Living Wills may be effective only in cases of terminal illness. A Health Care Directive is more encompassing and covers just about all medical situations- assuming that the agent you select and the physician taking care of you will apply your requests as indicated. The Health Care Directives are legal in every state though they are apt to take different forms. Check with your local hospital, AARP office or Choice in Dying at 899 989-WILL. You can change your mind at any time. You should ask yourself

1. What are my goals for medical treatment? What do you want to happen if you are disabled or at the end of your life.

2. Who will you select for an agent? This is crucial. If it is a close family member or friend, will they be emotionally strong enough to carry out your wishes? You don't want a physician or other "outsider" swaying these members to do something you did not want to have happen. Perhaps someone slightly removed from your personal situation might fight for your legal rights more convincingly.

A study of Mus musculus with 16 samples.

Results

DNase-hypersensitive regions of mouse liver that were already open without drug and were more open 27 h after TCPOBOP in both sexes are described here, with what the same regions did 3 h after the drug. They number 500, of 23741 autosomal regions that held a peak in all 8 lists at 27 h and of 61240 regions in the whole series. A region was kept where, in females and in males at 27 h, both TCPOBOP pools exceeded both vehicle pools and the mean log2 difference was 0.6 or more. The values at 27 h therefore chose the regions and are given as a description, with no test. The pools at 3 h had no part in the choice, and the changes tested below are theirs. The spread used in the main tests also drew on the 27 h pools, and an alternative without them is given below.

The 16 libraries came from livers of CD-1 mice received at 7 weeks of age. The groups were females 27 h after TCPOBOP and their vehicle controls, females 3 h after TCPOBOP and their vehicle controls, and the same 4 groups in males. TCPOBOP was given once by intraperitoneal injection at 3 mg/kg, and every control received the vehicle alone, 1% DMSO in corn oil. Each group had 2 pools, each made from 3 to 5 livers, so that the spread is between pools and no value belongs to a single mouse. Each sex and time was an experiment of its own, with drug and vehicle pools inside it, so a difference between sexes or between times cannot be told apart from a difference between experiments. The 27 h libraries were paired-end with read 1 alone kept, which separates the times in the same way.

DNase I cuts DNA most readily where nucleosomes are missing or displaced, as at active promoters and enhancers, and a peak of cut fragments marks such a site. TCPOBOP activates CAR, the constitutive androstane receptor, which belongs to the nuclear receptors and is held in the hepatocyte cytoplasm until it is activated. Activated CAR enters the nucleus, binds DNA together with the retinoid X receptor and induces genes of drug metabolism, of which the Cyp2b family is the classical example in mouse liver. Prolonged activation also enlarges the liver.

3. How Specific should I be? Look at the next page. It's from the Veterans Hospitals several years ago but seems applicable as a guide today.

4. How can you be sure your wishes will be carried out? Well, nothing is 100%, but the more clear and detailed you are about your wishes and the more "forcefully" your agent can present them, the better your chances. Remember, it's your life to live and your death to die. Don't let others bully you into doing something you don't want to do.